Kenya’s Supreme Court has unanimously validated the presidential election results of the vote held last August that saw vice president William Ruto declared winner with 50.5%.
Chief Justice and President of the Supreme Court Lady Justice Martha Koome delivered the verdict Monday afternoon by dismissing many of the petitions that alleged fraud in the technology used in the electoral process while recognizing what it called a serious malaise in governance of the electoral commision.
However, the court concluded that the last minute "electoral rupture is insuffient to invalidate or annul the vote". Judges also found no credible evidence that there was any tampering with the uploading of forms 34A to the public portal and no evidence of unexplained discrepancies between votes cast in various elective positions across the country and those cast in favor of the vice president William Ruto.
The lawsuit had sought to overturn the results of the presidential election and has left the East African nation in political limbo.
Opposition leader Raila Odinga, who failed to secure the presidency on his fifth attempt, along with six other parties, petitioned the court to nullify vice president William Ruto’s win. They alleged massive irregularities that compromised the fairness of the Aug. 9 vote. The official results showed Ruto secured 50.5% support and the veteran opposition figure Raila Odinga 48.8%.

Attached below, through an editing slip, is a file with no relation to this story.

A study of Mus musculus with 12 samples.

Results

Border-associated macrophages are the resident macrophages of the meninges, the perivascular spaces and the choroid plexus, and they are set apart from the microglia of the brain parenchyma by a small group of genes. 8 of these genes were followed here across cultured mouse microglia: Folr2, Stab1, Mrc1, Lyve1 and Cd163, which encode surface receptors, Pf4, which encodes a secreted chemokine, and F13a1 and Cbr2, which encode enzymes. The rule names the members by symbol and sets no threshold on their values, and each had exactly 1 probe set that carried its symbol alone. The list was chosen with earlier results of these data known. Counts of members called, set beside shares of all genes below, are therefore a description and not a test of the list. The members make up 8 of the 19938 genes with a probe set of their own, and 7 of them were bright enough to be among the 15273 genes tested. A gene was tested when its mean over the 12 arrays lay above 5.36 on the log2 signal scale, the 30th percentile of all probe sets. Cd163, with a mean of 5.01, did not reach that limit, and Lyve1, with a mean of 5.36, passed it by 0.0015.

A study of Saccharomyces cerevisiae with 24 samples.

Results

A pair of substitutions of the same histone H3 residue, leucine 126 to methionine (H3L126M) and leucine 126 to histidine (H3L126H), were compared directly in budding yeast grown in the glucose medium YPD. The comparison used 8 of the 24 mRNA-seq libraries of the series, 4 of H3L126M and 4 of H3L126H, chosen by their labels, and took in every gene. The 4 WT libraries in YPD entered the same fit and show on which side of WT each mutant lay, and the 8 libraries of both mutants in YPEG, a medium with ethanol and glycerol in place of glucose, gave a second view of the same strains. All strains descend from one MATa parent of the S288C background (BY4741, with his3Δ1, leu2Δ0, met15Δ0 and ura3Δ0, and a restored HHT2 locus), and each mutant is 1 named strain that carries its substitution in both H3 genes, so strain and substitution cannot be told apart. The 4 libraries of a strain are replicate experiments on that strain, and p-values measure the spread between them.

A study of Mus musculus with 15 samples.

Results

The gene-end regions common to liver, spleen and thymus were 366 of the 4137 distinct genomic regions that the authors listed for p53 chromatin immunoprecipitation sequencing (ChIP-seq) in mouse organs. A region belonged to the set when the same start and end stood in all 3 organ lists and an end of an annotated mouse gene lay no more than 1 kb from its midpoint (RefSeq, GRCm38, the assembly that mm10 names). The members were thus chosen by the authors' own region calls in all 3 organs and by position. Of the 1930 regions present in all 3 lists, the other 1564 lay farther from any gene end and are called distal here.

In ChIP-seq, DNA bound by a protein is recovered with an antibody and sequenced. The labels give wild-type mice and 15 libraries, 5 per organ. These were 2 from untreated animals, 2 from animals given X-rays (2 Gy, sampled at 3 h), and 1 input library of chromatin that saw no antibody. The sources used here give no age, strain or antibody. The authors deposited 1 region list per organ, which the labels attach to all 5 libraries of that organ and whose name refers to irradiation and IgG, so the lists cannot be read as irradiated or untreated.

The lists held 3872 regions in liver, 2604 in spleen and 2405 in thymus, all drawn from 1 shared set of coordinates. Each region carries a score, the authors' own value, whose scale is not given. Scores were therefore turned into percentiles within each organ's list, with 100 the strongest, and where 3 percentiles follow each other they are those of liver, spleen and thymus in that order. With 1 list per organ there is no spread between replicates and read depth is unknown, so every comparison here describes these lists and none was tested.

While Wafula Chebukati, the chairman of the Independent Electoral and Boundaries Commission, defended the integrity of the election, four of the body’s other six members distanced themselves from his pronouncement, citing a lack of transparency over the count.
This, Justice Martha Koome described as a last minute rupture particularly since all members of the electoral commission had actively and fully participated in the process of tallying and verification of results up until the point of disagrement. A group of 5,000 local observers said the results were in line with its own parallel tallies.
During the last presidential election in 2017, the Supreme Court overturned the election and ordered a new vote, a first in Africa.
Elections in Kenya have repeatedly been sources of violence. The deadliest, in 2007, left more than 1,100 people dead in politically motivated clashes and displaced hundreds of thousands.
Although the current electoral process has been largely peaceful, there are still fears for any potential unrest.